In our recent surveys, we have found that 75% of professionals are against company contact tracing, 42% of workers drink while working from home, and 55% of professional employees are now working more hours than before the pandemic.
Many have experienced financial, physical and mental stress during the coronavirus pandemic. Staying at home for hours on end has had a toll on many, including romantic relationships. This connection between WFH and relationships prompted us to survey professionals regarding the impact of the pandemic on their relationships. We asked professionals one question:
“How has working from home affected your romantic relationship?”
Professionals could answer with one of five options, and the survey ran from June 12 through June 14, 2020. The survey was answered by over 16,847 verified professionals on the Fishbowl app from across the US. Respondents could answer with A) Led to breakup or divorce, B) Strained, but still together, C) No impact, D) Positive impact, or E) Not in a relationship. Respondents included employees at companies such as IBM, JP Morgan, Facebook, McKinsey, Deloitte, Bank of America, Amazon, Edelman, Nike, Google, KPMG, and thousands of others.
Working From Home Survey Results
- Overall – Overall, 28.68% said WFH during the coronavirus pandemic has had a positive impact on their relationship, 25.29% answered that they were not in a relationship, 23.08% said WFH had no impact, 16.28% said it strained their relationship, and 6.67% said it led to a breakup or divorce. A total of 22.95% said WFH had a negative impact on their relationship when combining those who answered that WFH caused a breakup and those whose relationship was strained.
- By industry – Tech had the highest percent of employees breaking up or divorcing, with 12.56%. Following Tech were Finance professionals (9.35%) and Management Consultants (9.3%). Additionally, a whopping 33% in Tech answered that WFH led to A.) A breakup / divorce or B.) Strained the relationship.Conversely, 37.75% of Human Resources professionals reported a positive impact on their relationship, which was the highest among any industry. Not too far behind were Law (31.2%) and Healthcare (30.71%).
- By State – Colorado had the highest percent of employees saying working from home during the pandemic has had a positive impact on their relationship, with 35.29%. Following closely behind were Washington (34.58%), Missouri (33.33%), Louisiana (33.18%), and Utah (32.82%).New York had the highest percent saying WFH had a negative impact, with 29.7%. Following New York were California (27.16%), Arizona (25.91%), Pennsylvania (25.88%), and Maryland (25.47%).Arizona had the highest percent who said WFH actually led to a divorce or break up with 8.64%. Following Arizona were California (8.24%), New York (8.23%), New Jersey (8.06%), and Pennsylvania (7.53%).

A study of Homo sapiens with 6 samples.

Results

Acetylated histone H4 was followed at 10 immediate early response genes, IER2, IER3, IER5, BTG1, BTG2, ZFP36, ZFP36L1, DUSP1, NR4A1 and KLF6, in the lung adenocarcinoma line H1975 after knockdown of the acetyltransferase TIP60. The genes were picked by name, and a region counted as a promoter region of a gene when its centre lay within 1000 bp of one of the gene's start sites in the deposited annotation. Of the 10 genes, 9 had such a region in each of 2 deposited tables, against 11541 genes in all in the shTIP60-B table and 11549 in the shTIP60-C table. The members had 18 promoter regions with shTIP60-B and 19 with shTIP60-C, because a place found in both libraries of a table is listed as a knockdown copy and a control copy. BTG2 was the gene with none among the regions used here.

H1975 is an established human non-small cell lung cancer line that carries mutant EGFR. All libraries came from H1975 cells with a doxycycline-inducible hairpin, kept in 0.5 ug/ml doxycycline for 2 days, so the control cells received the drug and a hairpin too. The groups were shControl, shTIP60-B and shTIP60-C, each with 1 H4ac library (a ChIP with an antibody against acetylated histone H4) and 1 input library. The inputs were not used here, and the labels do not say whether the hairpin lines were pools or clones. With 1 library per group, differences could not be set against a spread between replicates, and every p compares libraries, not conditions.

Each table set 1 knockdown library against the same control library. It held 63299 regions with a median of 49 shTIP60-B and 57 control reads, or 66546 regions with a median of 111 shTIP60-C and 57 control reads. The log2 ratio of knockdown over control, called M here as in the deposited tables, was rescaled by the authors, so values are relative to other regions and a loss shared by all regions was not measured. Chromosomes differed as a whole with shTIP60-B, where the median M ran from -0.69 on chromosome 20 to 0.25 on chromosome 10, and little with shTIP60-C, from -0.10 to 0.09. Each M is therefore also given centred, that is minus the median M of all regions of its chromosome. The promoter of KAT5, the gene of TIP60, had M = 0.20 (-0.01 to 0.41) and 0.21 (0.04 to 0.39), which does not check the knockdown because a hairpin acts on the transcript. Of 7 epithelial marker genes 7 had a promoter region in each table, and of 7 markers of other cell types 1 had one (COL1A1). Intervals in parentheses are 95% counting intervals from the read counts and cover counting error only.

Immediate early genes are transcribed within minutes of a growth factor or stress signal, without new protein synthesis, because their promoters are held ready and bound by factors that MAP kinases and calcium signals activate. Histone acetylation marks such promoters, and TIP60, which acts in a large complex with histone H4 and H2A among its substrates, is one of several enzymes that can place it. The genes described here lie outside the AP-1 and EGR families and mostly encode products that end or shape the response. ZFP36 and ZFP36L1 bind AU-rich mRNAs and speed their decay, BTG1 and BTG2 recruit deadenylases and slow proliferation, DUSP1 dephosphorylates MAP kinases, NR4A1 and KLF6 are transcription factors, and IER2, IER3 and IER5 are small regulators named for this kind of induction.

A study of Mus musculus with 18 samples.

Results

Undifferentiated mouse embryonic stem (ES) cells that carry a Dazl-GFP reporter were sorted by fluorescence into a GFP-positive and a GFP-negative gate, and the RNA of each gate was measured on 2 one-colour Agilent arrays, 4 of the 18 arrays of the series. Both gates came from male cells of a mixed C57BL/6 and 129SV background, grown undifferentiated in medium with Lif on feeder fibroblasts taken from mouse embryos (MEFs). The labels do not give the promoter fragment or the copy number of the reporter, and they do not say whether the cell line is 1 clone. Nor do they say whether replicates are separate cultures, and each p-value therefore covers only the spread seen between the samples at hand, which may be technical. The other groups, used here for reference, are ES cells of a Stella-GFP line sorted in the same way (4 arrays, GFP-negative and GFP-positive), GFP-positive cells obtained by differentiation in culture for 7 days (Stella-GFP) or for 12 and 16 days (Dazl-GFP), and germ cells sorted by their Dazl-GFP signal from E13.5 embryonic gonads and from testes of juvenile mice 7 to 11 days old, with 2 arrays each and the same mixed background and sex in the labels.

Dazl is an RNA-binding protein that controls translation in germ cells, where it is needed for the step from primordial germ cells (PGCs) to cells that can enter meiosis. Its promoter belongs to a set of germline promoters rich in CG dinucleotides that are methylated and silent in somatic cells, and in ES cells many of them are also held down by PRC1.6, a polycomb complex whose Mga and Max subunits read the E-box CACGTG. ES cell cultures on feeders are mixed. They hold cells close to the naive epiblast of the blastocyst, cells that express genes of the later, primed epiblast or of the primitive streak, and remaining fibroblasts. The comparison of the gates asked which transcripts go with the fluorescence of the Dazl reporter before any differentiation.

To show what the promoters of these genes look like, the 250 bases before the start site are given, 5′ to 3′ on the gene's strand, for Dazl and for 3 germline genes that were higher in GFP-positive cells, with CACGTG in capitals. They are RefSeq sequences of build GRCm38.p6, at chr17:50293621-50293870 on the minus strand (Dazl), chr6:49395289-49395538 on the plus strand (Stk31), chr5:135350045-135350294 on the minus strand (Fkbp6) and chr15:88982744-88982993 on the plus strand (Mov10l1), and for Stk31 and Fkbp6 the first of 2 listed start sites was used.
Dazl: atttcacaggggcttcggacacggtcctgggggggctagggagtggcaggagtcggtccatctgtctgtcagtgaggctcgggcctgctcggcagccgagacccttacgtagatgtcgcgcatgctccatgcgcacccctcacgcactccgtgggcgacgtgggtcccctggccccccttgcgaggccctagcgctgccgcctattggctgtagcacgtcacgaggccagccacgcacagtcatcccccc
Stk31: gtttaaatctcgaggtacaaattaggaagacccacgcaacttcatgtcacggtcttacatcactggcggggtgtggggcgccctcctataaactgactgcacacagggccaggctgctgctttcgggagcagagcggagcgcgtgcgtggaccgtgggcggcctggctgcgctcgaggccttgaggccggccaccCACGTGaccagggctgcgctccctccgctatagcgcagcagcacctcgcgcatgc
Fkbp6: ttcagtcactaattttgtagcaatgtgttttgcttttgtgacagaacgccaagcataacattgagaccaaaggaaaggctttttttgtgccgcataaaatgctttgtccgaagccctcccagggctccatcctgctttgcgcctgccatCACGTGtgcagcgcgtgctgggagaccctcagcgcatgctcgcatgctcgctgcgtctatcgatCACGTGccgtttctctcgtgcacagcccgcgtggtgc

- By Gender – females saw a higher percentage of positive impact on their relationships, at 30.18%, while males saw a higher percentage of breakups, at 24.89%.
Looking for more data showing the impact Covid-19 is having on employees? Here’s what we found in four other recent surveys:
- 31% of employees say ‘less synergy with coworkers’ is the biggest obstacle while working from home
- 54% of employees fear there will be layoffs at their company, due to fallout from Covid-19.
- 60% of working professions said that the Covid-19 pandemic has caused clients to pause or cancel work.
- 62% of working parents are unable to juggle working from home and childcare.
- According to teachers, less than half of students are showing up for their remote classes.
- 42% of employees say they drink while working from home.
- 53.97 percent of women say they stopped wearing makeup, 29.78 percent of men stopped shaving, and 1 out of 10 employees aren’t even wearing more than underwear on their Zoom calls.
- 55% of employees say they work more hours each week than before the pandemic.